Let’s Talk About Love is one of the most well known books with an asexual main character. Alice, our main character, is a black, asexual, biromantic, 19 year old freshman in college learning to live by herself for the first time. It’s the summer between her freshman and sophomore year, and Alice has a lot to deal with. Just as she was about to move out of the dorms, her girlfriend broke up with her after Alice confessed she was asexual. Her girlfriend basically pulled out all the things people shouldn’t say when confronted with asexuality, and this pushed Alice a little deeper into the closet. But still, she goes on with her life, promising herself a drama-free summer living with her best friend Feenie and Feenie’s boyfriend Ryan, and working at the local library to put in her fair share of the rent. All of this is turned on its head, however, when Alice begins to fall for a new employee at the library. Takumi slowly begins to take over her life, and Alice knows she wants to be more then just friends, but she’s going to have to tell him she’s asexual eventually, and based on her past experiences, she’s not sure how well that is going to turn out.
Although this book is classified as New Adult (NA), it is commonly placed in the Young Adult (YA) category because the main character is still in her teens. The main distinction between YA and NA is explicit scenes, like violence or sex, neither of which this book contains.
This book does asexuality justice, which makes sense considering the author Claire Kann is herself asexual. Alice talks about a lot of her past experiences with sex and relationships, which include both men and women, discovering her bisexuality, and how that label didn’t feel entirely correct. She also details some of her past relationships in which she felt pressured to have sex because of societal expectations, but how that isn’t something she wants to continue in the future. She also talks about how her biromanticism is, for the most part, easily accepted, and that her asexuality, on the whole, really isn’t.
About halfway through the book, Alice begins to see a therapist, and he gives so much important insight into asexuality and Alices own inner thoughts. He gives comfort to Alice about her asexuality, and helps her with some greater life struggles, i.e. conflict with her very strict parents. Some of the thing the therapist talks about might seem redundant to people with lots of knowledge about the ace/aro community, but as it is not yet widely known information, it felt completely necessary. The book felt as though it was gently informing people of a sexuality that they may not necessarily have heard of before, but it didn’t feel condescending or overly preach-y. It just existed to pass a message of asexuality on to the wider world.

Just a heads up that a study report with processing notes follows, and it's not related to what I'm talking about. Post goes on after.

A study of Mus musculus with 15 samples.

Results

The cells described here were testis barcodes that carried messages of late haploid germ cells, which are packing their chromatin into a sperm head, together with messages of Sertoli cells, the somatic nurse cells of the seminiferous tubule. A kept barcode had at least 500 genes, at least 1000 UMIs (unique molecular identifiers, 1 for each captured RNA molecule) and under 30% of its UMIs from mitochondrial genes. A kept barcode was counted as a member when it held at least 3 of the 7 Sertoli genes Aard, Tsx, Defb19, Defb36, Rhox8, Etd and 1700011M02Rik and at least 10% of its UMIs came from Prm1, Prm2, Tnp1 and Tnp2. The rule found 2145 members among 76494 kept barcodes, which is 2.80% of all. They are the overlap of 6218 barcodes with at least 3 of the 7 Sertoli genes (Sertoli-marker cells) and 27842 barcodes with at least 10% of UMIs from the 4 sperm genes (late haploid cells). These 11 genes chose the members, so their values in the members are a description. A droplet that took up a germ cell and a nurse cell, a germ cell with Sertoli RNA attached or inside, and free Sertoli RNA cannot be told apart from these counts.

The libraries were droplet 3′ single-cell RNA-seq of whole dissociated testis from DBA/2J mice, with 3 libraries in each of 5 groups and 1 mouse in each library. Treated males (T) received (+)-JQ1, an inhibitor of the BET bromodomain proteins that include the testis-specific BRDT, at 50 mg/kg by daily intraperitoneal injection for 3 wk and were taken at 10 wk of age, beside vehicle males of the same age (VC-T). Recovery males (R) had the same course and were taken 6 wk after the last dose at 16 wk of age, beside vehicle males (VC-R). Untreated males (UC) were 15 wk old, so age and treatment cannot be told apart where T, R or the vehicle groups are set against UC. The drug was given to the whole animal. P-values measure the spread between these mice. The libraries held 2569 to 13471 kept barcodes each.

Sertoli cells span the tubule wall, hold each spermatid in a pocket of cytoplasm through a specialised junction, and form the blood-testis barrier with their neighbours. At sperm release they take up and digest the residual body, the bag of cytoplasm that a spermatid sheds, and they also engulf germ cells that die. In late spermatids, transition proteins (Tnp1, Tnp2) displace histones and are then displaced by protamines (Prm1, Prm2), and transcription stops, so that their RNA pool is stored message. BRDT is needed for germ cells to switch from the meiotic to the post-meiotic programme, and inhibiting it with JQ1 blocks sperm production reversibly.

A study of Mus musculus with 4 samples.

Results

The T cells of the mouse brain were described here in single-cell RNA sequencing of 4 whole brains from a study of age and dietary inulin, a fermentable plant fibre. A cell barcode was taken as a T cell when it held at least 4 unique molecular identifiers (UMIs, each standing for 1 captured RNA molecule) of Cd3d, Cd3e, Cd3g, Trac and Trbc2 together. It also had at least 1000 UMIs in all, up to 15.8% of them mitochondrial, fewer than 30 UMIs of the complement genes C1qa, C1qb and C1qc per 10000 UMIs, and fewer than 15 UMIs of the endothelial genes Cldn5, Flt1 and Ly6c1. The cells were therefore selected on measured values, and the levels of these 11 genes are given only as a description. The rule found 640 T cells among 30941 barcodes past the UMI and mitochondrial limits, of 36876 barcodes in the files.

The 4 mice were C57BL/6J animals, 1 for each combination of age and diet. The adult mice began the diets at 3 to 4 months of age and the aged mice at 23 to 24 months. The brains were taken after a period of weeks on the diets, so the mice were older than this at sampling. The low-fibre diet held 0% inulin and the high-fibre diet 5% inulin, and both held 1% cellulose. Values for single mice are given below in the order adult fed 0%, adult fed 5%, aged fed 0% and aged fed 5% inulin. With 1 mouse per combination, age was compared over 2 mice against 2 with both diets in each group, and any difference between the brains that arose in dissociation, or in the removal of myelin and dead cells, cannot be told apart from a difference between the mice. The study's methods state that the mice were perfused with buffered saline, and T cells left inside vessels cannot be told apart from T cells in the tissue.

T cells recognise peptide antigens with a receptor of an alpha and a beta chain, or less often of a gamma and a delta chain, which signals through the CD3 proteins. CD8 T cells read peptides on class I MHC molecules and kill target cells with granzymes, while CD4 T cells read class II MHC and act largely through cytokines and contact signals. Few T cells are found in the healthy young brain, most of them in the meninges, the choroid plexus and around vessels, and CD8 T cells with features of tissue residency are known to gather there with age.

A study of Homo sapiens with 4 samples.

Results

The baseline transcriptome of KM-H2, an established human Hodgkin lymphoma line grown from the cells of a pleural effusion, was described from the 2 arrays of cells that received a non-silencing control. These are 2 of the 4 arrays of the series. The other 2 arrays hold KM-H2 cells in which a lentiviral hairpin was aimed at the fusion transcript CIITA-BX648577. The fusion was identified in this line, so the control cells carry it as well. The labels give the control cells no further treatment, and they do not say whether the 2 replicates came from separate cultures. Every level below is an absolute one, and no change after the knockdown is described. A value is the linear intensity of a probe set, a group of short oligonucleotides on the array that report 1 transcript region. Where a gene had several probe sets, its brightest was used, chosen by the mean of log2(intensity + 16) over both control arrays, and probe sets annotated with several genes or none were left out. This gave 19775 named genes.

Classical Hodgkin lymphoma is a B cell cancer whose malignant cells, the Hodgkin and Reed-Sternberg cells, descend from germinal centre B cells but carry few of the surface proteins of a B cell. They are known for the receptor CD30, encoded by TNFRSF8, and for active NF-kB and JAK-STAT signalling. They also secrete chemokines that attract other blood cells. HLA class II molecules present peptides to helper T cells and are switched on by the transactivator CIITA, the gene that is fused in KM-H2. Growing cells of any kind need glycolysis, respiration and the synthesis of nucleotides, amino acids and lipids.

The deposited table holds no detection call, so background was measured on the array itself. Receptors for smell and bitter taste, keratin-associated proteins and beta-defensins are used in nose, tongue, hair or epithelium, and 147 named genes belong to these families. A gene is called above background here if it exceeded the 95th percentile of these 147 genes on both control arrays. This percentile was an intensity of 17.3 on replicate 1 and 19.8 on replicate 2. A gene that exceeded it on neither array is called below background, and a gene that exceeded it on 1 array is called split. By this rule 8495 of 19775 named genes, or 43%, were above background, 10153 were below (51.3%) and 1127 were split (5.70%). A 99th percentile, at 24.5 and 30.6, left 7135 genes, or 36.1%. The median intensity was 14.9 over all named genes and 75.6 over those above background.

Alice also talks a lot about love and what love should mean. She discusses how the majority of the world (and, unfortunately, one of her former partners) equates love and sex, and how those two things are actually very different. Alice loves love, and knows she is a sappy romantic, but has been told time and time again that love can’t exist without sex, despite her disinterest. This is another important discussion to have because no matter your sexual orientation, love doesn’t (and shouldn’t) equal sex, yet often times does because that has become the norm.
Another important topic in this book (which isn’t directly related to being ace but counts in Alice’s experience) is the fact that we see our main character in relationships with both guys and girls. Very rarely do we see a book with a bi character who ends up in a m/f relationship. This perpetuates a stereotype that for bisexual/romantic people to be valid they have to have been in a f/f or m/m relationship, which is not the case at all.
Although all of these things are amazing, there are also a few things in the book I took issue with, not really pertaining to the representation. For one, the friend who she moves in with at the beginning of the book doesn’t much seem like a good friend. Feenie, said friend, often blames Alice for problems that Alice was most certainly not entirely to blame for. And when Alice tries to get Feenie to understand that she isn’t being treated fairly, Feenie refuses to compromise and merely sulks until Alice apologises and begs for forgiveness, which didn’t seem like something she truly needed to do. And Feenie’s boyfriend, while being an important side character, was a bit bland and didn’t seem to add to the book what he could have.
All in all, this book has a loud voice when it comes to representation, and I would definitely recommend it for people who want to be educated more on asexuality, or for people who just love a good romance. Alice and her love interest had such a cute relationship, and watching them go from friends to something more was really sweet. I doubt an asexual who has been around for a while will discover anything new in this book, but it was a really fun ace read and a wonderfully wholesome love story that is highly relatable and adorable.